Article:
Joe Biden’s presidential campaign hasn’t been formally announced, but it already has a theme, which is that Biden is the only Democrat with the kind of bipartisan appeal and common touch needed to win white working-class voters in key swing states back to the Democratic Party. Two events on Thursday underlined that theme, then circled it in red ink and drew a bunch of big exclamation marks around it.
First, CNN published a piece about letters that Biden, then a young senator from Delaware, wrote to Mississippi Democratic Sen. James Eastland in 1977. Eastland believed that desegregation would “mongrelize” the white race and had denounced the Brown vs. Board of Education decision, calling it a “monstrous crime“; in 1977, Biden sought his support for a bill that would cut down on the practice of busing students between neighborhoods to integrate schools. Wrote Biden to Eastland: “My bill strikes at the heart of the injustice of court-ordered busing.” (It doesn’t appear that the bill in question was ever passed by the full Senate, but other anti-busing measures that Biden pursued were successful.)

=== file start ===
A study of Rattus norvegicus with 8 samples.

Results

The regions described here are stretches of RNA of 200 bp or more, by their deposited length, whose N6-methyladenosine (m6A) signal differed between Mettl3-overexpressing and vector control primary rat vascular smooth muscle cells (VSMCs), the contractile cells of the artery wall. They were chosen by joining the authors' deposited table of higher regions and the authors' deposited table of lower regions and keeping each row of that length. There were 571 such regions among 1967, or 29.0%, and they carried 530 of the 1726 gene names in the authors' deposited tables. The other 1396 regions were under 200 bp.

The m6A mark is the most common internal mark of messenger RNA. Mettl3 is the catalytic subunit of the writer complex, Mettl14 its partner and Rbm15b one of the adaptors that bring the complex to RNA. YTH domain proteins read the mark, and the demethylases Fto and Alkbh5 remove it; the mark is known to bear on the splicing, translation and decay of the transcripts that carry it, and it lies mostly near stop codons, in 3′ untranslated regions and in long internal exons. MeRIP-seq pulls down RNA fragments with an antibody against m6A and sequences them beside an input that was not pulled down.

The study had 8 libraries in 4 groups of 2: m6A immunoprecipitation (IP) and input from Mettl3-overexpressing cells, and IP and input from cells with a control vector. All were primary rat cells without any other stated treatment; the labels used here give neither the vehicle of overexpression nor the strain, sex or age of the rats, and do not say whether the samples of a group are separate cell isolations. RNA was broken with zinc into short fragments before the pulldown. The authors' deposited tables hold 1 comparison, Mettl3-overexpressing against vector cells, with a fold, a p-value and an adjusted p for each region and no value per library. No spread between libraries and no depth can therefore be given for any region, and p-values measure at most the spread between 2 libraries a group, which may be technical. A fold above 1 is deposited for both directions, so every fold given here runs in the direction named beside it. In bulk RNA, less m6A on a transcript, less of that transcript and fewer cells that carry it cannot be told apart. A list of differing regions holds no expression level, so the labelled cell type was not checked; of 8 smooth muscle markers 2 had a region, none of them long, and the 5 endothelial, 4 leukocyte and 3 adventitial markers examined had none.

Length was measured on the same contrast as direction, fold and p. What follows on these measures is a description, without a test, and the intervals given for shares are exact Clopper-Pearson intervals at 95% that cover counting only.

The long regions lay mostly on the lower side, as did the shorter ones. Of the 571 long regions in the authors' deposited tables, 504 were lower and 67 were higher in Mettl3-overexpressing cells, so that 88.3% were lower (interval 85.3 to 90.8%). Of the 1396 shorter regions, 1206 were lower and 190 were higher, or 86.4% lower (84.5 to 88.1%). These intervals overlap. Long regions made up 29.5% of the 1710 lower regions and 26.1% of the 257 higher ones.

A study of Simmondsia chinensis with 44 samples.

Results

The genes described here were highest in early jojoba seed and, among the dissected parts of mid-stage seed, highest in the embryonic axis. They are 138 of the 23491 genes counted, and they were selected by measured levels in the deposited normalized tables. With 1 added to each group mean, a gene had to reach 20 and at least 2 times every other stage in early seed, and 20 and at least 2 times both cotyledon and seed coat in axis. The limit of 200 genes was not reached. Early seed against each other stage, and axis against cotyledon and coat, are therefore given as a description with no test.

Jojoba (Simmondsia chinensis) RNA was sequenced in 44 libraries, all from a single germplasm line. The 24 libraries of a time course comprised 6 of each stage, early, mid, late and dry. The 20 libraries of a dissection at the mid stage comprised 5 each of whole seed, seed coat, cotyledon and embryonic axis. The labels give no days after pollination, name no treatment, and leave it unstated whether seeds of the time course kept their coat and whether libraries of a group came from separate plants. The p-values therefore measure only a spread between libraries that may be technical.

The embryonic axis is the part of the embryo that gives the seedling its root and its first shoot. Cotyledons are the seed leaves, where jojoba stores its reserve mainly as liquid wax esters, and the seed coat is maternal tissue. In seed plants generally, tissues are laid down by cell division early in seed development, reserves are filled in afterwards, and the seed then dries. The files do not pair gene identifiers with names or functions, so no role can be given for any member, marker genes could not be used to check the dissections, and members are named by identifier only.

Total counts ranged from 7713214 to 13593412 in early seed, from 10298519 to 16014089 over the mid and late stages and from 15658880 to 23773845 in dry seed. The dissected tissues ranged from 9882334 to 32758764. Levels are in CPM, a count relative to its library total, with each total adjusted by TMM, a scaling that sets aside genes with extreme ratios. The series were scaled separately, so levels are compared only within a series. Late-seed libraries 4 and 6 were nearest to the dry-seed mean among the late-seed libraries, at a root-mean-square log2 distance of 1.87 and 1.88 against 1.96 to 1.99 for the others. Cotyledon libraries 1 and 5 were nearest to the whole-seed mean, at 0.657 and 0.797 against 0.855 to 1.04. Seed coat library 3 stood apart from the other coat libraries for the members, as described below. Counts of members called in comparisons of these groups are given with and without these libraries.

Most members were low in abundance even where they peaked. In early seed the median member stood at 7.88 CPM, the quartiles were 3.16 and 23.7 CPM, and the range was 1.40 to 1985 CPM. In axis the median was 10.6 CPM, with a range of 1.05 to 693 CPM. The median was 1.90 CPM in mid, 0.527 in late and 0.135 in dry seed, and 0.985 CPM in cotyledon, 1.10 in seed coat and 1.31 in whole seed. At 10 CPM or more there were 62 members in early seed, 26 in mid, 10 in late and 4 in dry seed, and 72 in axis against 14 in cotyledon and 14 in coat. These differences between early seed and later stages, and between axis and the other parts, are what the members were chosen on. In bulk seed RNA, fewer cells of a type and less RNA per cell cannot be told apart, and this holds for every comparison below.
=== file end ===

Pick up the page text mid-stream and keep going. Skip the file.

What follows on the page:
Then, Biden, appearing at a University of Pennsylvania panel on opioid addiction with Jeb Bush, complimented Bush as “a hell of a governor.” From the Democratic perspective, Bush’s tenure as the governor of Florida was probably most notable for his relentless effort, supported by right-wing evangelical groups, to prevent Terri Schiavo’s husband from removing her feeding tube after she’d been in a vegetative state for 15 years; Bush also signed the “stand your ground” law that came under national scrutiny after George Zimmerman killed Trayvon Martin.
Strategically, Biden seems to be betting that his association with Barack Obama is going to keep him from losing support among progressives and people of color over things like this. And, like, he’s really, really betting that.